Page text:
Professor Mark Leith,
Clinical in the Department of Psychiatry
Mark has been with the University since the early ’80s.
What do you do off the clock?
I love theatre. I’m part of Act II Studio, a program affiliated with Ryerson University. I have been in the program for two years now and, during this time, I have written Dinner with Goebbels, a play about the human mythology of evil and modern marketing of warfare. The production is based on a fictional dinner between Dr. Joseph Goebbels, the minister of propaganda in Nazi Germany, Edward Bernays, Sigmund Freud’s nephew and the founder of public relations, and Karl Rove, George W. Bush’s former PR consultant.
Why did you choose to write a play like this one?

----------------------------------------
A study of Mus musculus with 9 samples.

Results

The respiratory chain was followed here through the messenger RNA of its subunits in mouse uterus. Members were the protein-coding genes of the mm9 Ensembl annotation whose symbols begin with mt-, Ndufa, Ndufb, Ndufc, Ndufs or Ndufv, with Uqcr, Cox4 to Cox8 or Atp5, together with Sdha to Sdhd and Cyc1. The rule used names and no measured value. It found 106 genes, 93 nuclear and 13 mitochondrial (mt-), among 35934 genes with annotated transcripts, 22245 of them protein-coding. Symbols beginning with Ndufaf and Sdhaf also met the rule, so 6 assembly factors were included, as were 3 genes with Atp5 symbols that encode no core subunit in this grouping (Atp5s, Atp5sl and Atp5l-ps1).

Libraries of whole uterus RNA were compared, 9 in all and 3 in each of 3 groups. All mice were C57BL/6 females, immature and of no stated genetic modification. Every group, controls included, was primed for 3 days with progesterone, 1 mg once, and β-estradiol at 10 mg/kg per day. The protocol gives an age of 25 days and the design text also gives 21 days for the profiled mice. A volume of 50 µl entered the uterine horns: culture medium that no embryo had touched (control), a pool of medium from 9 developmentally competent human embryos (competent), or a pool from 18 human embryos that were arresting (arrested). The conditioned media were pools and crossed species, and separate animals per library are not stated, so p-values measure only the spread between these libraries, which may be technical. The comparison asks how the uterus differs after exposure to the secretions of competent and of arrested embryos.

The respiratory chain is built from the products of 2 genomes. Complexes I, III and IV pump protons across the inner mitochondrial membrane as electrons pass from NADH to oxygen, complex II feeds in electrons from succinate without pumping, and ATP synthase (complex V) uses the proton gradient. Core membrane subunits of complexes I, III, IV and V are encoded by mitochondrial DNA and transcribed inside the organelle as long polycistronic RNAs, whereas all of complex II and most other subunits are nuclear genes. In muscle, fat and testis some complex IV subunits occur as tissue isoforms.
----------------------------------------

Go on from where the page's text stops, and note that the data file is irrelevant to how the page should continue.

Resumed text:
I have always been interested in the psychology of what drives men to go to war. Having written many articles about this topic over the course of my career, I wanted to focus my play on the modern marketing of war.
I became interested in Edward Bernays when I discovered that Dr. Goebbels had used Bernays’ books in his work to promote the Holocaust and the invasion of Europe.
Through my research I also learned that Karl Rove drew on Bernays’ ideas to ‘up the invasion’ of Iraq and create the current war on terror.
Playwriting seems totally different than psychotherapy. What is the common thread?
Theatre, like psychotherapy, is based on a narrative. Both come from the human capacity for storytelling.
What, or who, inspires your work?
I grew up during the Vietnam War and, even as a child, questioned the institution of war. I’m part of Physicians for Global Survival Canada, an advocacy group committed to the abolition of nuclear weapons and non-violent conflict resolution. I have been able to combine my passion for anti-war activism with my love of theatre in writing, and being involved in the production of, Dinner with Goebbels.